Consolidation across the semiconductor industry could have a big impact on future choices.
The rule of thumb in business is that consolidation in a maturing industry improves the health of the surviving companies. In most market sectors that’s true. In the semiconductor industry, that formula doesn’t work.
The reason is due to what might well be called foundational economics. While it’s possible to reduce costs in making chips for years to come, at some point the basic building block for all electronics—the transistor—reaches a level at which it is no longer profitable to continue researching, designing and developing chips at the level necessary for progress.
This is different in the chip industry than in any other, because the costs of developing new ideas are so enormous that no single company can afford to do it all alone—not Intel, not Samsung, and not TSMC. The problems being solved are incredibly hard, and they take an unexpected sum of money because not all of the research pans out, and very little of it ever pans out in an expected time frame. Multipatterning would never have even been considered if EUV was available. 2.5D and 3D architectures would never have been even contemplated seriously if it wasn’t for the difficulty of pushing electrons through thin wires surrounded by thinner oxides, all fighting to limited chip resources. And that doesn’t even begin to tackle quantum research and quantum effects, which can add a level of uncertainty about how quickly electrons can move through various materials.
The equipment side is a whole different kind of problem. To fully equip an advanced fab may take $10 billion to $15 billion. To develop that equipment takes many billions of dollars more in investments.
Slow down research in any area of this ecosystem, which has been finely tuned over a period of five decades, and it will have huge repercussions well beyond the semiconductor industry. The chip, despite how little attention it gets from investors, is the the cornerstone of all electronics. It’s only possible to continue cutting costs—or, alternatively, adding features and functions—in other industries because of the massive investment in chips. That is the engine that drives progress in smart phones, cars, industrial automation, television and, in the future, the IoT. And while it’s possible to improve on what’s there, a reduction in semiconductor R&D has an impact in all directions.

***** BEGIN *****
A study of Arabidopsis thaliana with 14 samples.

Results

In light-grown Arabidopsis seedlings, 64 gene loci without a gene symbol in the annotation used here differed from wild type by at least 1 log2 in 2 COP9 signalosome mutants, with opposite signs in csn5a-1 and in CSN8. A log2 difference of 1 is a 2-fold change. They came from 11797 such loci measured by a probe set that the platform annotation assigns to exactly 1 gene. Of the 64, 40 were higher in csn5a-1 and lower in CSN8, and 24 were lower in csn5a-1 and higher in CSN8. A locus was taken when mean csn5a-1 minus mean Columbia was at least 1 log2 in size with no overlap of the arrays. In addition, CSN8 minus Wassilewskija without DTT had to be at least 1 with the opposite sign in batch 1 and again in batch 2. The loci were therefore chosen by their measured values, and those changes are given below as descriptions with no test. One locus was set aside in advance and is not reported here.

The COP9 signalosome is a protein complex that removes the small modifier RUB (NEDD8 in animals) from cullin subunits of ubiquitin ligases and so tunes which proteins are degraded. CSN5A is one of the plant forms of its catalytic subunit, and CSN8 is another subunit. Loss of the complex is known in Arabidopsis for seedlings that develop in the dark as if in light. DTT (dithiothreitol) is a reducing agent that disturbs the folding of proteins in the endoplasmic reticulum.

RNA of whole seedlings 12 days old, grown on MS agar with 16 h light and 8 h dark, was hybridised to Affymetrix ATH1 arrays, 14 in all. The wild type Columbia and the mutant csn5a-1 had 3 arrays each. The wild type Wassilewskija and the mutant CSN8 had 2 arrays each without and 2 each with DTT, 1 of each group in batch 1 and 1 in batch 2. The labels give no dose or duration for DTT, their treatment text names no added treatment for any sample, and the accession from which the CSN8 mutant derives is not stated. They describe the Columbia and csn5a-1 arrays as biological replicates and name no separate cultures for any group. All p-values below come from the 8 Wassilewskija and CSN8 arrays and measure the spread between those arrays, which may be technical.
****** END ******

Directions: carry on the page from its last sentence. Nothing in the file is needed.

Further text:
This isn’t just a per-node cost, as defined by Moore’s Law. It’s an industry-wide consolidation that erodes the basis for R&D. Mega acquisitions don’t result in combined R&D budgets. In marketing speak, they create efficiency gains. In plain English, companies slash costs wherever possible in order to make acquisition costs more palatable to shareholders. The problem is that semiconductor R&D budgets have to grow to keep pace with increasingly difficult physics problems. If they don’t, over the next few years there will be a falloff in advanced research and nothing to take its place.
It’s possible to squeak by for a generation or two of hardware—think of a generation as about 6 months—with software upgrades and architectural tweaks. There is so much performance in devices today that just using the processing capabilities already built into semiconductors in a more efficient manner will provide gains. But push that out for a year or two, and even the best code won’t work well enough to satisfy new markets. And at that point, even the largest system vendors will begin breaking into a sweat over what makes their product different or new.
Consolidation may be good for some things—beefing up the capabilities and market reach of companies, adding expertise where needed, and providing enough mass to attack nascent markets such as the IoT/IoE, but it also can be very bad if it impacts the R&D of the foundational technology on which it is built. That creates a disruption that no single company—or even a single country—can afford to rebuild.